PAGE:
Igloo City: Alaska’s Igloo Resort Town That Never Was

For decades, travelers driving the rustic road between Anchorage and Fairbanks, Alaska have been captivated by a large concrete igloo which locals lovingly refer to as the “Parks Highway Igloo.” The Parks Highway Igloo was supposed to be the centerpiece of a resort town called Igloo City, but building code infractions prevented the building from ever being completed. Now the Parks Highway Igloo sits silent and abandoned—adorned with graffiti when it isn’t covered in a fresh coat of snow.

Located about halfway between Anchorage and Fairbanks on the Parks Highway. In 1976 it was called "Igloo Service".

Located about halfway between Anchorage and Fairbanks on the Parks Highway. In 1976 it was called “Igloo Service”.
Photo via Flickr

In the 1970s, a rugged Alaska Railroad worker named Leon Smith envisioned a cozy resort town near rural Cantwell, Alaska. Leon used lumber that he salvaged from his work on the railroad to build a four story igloo hotel. The large wood and concrete dome was meant to pay homage to the ice and snow igloos built by Alaska’s Inuit population.

Unfortunately, the windows on Leon Smith’s igloo hotel were deemed too small for a commercial building. Try as he might, Leon Smith did not have the resources to make the Parks Highway Igloo a functional resort. After Leon Smith sold the property, a gas station owner named Brad Fisher attempted to make Igloo City a reality, but renovation and repairs proved too costly.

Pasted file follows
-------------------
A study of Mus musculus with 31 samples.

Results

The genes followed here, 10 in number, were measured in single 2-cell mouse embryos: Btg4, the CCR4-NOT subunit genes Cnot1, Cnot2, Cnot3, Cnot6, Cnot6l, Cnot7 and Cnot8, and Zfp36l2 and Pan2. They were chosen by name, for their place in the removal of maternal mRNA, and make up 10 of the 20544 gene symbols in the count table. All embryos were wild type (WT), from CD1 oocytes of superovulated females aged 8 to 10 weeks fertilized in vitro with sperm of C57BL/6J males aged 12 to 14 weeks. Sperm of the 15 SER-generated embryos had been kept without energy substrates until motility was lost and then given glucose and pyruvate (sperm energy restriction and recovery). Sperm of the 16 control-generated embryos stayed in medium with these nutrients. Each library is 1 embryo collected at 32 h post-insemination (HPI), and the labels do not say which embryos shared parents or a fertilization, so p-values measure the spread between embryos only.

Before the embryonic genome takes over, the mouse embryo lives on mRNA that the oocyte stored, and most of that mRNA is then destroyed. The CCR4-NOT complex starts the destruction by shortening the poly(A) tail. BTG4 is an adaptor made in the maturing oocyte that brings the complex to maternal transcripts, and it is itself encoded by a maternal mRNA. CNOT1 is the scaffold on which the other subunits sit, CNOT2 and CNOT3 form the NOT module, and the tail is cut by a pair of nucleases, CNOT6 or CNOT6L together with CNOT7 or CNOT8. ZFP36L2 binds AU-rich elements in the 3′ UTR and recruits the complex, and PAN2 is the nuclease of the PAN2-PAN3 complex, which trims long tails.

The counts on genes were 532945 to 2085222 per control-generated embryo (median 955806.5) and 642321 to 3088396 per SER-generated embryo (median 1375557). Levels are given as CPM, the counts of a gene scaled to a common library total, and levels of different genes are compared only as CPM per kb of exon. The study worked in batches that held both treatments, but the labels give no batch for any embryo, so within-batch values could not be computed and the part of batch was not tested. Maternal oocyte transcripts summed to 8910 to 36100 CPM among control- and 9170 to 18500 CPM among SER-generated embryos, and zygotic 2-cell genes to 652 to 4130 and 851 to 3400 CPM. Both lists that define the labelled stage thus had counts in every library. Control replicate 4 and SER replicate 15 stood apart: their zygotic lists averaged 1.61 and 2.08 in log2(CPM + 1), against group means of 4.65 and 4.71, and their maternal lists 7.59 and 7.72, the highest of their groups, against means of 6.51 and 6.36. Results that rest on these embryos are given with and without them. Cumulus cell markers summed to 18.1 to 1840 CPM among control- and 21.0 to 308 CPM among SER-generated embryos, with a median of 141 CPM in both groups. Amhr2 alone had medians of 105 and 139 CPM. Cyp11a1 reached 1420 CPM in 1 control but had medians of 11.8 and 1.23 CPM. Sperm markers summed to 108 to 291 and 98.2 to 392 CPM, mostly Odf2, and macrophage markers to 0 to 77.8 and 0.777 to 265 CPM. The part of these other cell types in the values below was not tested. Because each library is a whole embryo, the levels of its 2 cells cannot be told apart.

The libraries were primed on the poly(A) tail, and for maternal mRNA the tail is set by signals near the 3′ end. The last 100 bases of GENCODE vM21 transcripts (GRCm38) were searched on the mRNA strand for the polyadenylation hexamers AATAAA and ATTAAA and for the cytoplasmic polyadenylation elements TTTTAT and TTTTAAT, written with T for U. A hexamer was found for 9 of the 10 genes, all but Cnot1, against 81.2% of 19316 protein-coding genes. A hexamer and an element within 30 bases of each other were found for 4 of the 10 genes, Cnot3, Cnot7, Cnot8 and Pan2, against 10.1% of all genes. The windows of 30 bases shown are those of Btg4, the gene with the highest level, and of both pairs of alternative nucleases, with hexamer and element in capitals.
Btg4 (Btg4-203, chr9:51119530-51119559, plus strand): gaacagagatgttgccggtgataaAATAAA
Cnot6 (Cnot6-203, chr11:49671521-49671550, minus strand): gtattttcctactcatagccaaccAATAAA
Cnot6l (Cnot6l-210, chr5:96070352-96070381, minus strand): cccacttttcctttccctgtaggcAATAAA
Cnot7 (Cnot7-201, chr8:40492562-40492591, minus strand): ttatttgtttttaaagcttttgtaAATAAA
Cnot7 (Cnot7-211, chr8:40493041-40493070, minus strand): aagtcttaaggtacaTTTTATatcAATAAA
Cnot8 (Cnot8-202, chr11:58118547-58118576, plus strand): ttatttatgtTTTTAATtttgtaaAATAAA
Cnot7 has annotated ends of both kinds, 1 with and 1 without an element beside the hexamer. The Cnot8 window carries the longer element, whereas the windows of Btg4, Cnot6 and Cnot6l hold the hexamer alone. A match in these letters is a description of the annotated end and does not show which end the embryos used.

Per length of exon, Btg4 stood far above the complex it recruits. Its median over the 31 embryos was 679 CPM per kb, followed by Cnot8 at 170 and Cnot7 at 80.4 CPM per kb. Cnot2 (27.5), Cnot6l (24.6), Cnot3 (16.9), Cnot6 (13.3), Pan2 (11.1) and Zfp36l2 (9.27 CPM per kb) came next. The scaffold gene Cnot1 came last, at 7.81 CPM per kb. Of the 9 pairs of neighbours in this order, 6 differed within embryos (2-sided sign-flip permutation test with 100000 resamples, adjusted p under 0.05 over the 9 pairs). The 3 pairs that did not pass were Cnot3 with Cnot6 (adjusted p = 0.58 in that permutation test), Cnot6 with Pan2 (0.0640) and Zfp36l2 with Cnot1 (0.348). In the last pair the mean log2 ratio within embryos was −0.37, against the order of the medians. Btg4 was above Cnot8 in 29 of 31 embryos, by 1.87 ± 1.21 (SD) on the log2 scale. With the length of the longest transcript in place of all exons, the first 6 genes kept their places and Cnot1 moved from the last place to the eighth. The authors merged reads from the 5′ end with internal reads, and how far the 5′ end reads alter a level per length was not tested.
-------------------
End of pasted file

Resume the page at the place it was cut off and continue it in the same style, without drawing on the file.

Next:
Alaska's Abandoned Igloo City Hotel on the George Parks Highway

Alaska’s Abandoned Igloo City Hotel on the George Parks Highway
Photo via Flickr

Despite the threat of hibernating grizzly bears, falling sheetrock, and a hefty trespassing ticket, travelers from around the world can’t help but pull over to explore the grounds of Igloo City. The grounds feature an abandoned service station with a sign that says “igloo,” the remnants of a small cabin which once belonged to Leon Smith, and the eerie, silent shell of the Parks Highway Igloo.

Igloo City has had several owners since Leon Smith first constructed what he hoped would be a winter paradise. The current owner says he hopes to sell the property to a determined preservationist who will finally realize Leon Smith’s vision, even if proper renovations cost millions of dollars to complete.

If you’re a thrill-seeker who isn’t afraid to stumble upon a hungry wolf while you’re exploring the grounds of a ghost town that never had a heyday, a trip to Igloo City won’t disappoint. Please be respectful and remember that you are touring private property so a trespassing ticket is a possibility. Rugged adventurers will happily tell you that visiting a lonely concrete igloo surrounded by jagged mountains and towering trees is certainly worth any dangers that a rural Alaskan ghost town may pose.